Following this morning’s trio of car unveilings in Jerez, Caterham this afternoon rolled out their Renault powered CT05 Formula One, after morning teething problems saw a delay in proceedings.
With rookie Marcus Ericsson at the wheel the team finally revealed their 2014 F1 challenger shortly after 3pm local time, with the car’s interesting front-nose assembly being the most notable feature.
As can be seen above the radically shaped nose is almost flush with the leading edge of the front-wing, meaning no protrusion. However, unlike the cars we have seen so far there is a wide vanity panel beyond the forward bulkhead, which stretches down the narrow nose.
“At the front of the car, the area that will obviously inspire most debate, we have focused a lot of effort on optimising flow structures around the nose, the front of the chassis and the reduced-width front wing area, all in response to the 2014 regulation changes,” said Technical Director Mark Smith.
Aside from the nose, which will divide opinion, the car that could bring the Leafield squad its first points in Formula One is an attractive one. Retaining last year’s colour scheme while featuring the same gearbox and rear-wing profiles as Red Bull makes for a neat package at the rear.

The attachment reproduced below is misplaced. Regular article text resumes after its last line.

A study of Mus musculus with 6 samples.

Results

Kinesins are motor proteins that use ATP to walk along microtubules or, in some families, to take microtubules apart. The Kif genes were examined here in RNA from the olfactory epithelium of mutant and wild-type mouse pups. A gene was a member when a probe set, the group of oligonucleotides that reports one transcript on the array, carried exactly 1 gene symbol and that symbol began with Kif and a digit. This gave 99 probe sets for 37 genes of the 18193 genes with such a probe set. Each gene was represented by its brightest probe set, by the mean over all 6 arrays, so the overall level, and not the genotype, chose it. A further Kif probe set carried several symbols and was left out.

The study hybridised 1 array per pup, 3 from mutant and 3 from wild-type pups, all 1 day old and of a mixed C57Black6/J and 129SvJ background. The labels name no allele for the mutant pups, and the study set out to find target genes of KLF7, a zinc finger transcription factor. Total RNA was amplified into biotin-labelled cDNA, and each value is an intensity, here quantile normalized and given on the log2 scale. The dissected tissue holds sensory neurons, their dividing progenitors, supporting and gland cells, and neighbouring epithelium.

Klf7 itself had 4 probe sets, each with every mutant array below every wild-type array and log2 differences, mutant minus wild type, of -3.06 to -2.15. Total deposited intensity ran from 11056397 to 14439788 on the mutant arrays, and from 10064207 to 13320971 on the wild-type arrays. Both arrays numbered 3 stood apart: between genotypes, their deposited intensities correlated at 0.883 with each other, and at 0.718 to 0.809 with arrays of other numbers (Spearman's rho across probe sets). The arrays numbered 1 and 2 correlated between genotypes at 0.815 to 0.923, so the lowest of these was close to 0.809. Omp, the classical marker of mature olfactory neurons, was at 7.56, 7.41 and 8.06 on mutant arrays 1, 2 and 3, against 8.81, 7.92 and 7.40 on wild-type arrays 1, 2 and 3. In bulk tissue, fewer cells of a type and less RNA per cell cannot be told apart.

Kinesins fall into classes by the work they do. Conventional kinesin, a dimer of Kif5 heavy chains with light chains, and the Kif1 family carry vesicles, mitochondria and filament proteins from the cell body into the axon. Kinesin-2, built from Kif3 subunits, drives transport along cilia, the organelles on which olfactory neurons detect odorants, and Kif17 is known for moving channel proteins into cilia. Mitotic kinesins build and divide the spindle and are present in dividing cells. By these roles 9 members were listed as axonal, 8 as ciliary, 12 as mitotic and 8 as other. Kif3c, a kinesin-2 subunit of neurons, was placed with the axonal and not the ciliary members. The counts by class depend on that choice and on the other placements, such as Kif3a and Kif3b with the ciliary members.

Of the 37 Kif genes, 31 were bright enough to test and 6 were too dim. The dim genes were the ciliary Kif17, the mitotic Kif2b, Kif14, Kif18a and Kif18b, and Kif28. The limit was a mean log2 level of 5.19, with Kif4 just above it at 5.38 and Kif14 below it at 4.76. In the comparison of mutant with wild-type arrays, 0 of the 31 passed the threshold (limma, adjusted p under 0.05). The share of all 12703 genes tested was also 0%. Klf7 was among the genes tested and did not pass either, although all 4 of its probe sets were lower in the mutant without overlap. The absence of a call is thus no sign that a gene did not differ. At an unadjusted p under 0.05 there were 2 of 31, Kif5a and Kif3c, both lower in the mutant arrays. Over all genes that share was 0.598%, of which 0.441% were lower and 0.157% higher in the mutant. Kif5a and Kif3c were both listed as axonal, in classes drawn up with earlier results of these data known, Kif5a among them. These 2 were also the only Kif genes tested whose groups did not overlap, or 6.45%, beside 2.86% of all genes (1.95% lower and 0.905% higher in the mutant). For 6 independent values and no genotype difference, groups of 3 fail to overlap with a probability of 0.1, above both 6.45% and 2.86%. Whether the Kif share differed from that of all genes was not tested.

As reported last week, 2014 is a crucial season for Caterham, with team owner Tony Fernandes threatening to quit Formula One should there be no improvement in his team’s performance. After four seasons battling with Marussia yet still out of touch of the teams ahead, the change in regulations could open the door for some much needed success.
“We believe CT05 is a good starting point for us to deal with the new regulations and their associated challenges, in particular in terms of reliability,” said Team Principal and CEO Cyril Abiteboul. “We have a lot of very talented people at Leafield who have worked tirelessly to bring this car to life and everyone has played a part in helping us exceed all the targets we set. We obviously won’t know where we really are in relation to the other teams until the first race, but we believe we have answered the challenges presented by the new regulations as effectively as we can.”
With reliability set to be the central focus in the early stages of the season and little information on which powertrain manufacturer will be the most capable, Abiteboul believes that Caterham’s collaboration with Renault and Red Bull puts them in the correct position to move up the grid.
“In Renault Sport F1 and Red Bull Technology, we have technical partners that have powered the world championship-winning team for the last four years and while we are realistic enough to know we are very unlikely to be competing at the front of the grid there is no reason why we should not be fighting higher than we have done since we came into the sport in 2010. We have extensive experience of working with both Renault and Red Bull, and that is going to be crucial this year. Reliability and energy management will play a key role in 2014, especially early in the season, so our experience of working so closely with both organisations since 2011 will definitely help throughout the course of the season.”